When is employers’ liability insurance required?
What is employers’ liability insurance?
It protects your business if a current or former employee brings a successful claim against you for injury or illness suffered as a result of working for you.
Which employers need to have employers’ liability insurance cover?
Any business that employs someone must have employers’ liability insurance of up to £5 million in cover, whether they are a limited company, a partnership, or a sole trader. It doesn’t matter what sector you’re in or how big your business is.
Is it a legal requirement?
It is a legal requirement if you employ anyone, with only a couple of exceptions. You must also display your insurance certificate somewhere that your employees can easily see it.
You can be fined up to £2,500 for every day that you don’t have cover. You can also be fined for not displaying the certificate or presenting it when requested by an inspector.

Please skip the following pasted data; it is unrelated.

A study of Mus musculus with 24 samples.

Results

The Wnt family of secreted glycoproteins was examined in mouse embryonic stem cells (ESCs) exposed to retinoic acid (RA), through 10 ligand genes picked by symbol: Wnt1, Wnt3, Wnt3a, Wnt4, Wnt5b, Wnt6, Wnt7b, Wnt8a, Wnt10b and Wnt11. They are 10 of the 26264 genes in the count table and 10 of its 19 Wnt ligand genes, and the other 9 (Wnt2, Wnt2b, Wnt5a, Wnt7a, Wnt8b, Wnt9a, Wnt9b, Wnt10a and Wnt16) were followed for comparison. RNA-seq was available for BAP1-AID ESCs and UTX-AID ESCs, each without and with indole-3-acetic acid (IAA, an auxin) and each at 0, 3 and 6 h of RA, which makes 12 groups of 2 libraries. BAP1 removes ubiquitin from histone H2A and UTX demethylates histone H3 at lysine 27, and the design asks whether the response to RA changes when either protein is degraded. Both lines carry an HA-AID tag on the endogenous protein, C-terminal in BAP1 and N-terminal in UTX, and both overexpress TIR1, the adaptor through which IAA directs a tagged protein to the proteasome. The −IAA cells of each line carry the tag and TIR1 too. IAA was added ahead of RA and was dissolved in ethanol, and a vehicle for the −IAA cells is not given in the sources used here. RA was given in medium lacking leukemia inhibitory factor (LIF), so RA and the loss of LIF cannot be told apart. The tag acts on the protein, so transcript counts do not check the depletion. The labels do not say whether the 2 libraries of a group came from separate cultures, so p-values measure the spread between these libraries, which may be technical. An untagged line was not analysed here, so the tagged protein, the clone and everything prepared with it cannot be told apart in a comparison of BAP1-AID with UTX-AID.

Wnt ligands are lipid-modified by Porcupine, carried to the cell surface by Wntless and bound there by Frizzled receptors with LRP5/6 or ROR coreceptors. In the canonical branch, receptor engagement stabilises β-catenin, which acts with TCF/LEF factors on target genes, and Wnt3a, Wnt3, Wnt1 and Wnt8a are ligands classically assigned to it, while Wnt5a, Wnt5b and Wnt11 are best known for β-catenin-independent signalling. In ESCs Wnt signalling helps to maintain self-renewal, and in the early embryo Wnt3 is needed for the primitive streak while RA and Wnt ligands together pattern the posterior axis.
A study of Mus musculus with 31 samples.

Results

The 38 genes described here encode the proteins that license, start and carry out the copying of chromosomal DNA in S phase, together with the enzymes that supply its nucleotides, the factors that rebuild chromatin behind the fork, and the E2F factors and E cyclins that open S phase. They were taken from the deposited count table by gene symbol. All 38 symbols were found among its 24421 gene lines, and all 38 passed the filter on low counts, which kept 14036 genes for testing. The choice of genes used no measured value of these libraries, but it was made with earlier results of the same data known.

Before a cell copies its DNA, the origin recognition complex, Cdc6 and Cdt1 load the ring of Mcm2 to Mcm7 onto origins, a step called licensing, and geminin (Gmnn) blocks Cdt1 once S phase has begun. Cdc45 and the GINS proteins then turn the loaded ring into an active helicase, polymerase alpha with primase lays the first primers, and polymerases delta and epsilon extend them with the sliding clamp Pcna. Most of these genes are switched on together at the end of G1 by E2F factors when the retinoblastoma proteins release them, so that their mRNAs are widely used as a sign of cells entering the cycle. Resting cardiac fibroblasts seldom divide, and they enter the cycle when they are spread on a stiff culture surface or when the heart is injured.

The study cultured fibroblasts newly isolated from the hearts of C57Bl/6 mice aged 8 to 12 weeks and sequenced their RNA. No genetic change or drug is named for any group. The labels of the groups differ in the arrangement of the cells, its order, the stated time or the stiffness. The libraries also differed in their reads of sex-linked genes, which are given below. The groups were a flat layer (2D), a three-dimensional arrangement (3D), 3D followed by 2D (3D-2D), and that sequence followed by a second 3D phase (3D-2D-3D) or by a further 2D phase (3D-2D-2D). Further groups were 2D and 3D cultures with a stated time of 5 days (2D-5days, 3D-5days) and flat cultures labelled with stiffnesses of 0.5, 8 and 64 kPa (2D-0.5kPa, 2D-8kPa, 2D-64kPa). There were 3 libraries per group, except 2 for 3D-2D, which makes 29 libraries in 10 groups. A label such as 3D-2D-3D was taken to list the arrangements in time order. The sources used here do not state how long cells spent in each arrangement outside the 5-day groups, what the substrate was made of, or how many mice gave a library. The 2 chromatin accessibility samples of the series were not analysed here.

Who counts as an employee?
Almost anyone who works for you, whether they are part time, a volunteer or a trainee. It doesn’t matter whether a written contract is in place between you.
In some cases, sub-contractors will be considered ‘employees’ under the law. However, this will depend on how much freedom they have as to how or where they work, as well as how they actually do their job.
It is not always clear whether a sub-contractor is really your employee. Don’t assume that they are not. Always take professional advice if you’re not sure.
What are the exceptions?
If you only employ ‘close’ family members or people who work overseas, you may not need employers’ liability insurance. However, it is still recommended. Again, it is important not to assume that you are exempt. Be sure to check with a knowledgeable professional if you have any doubts.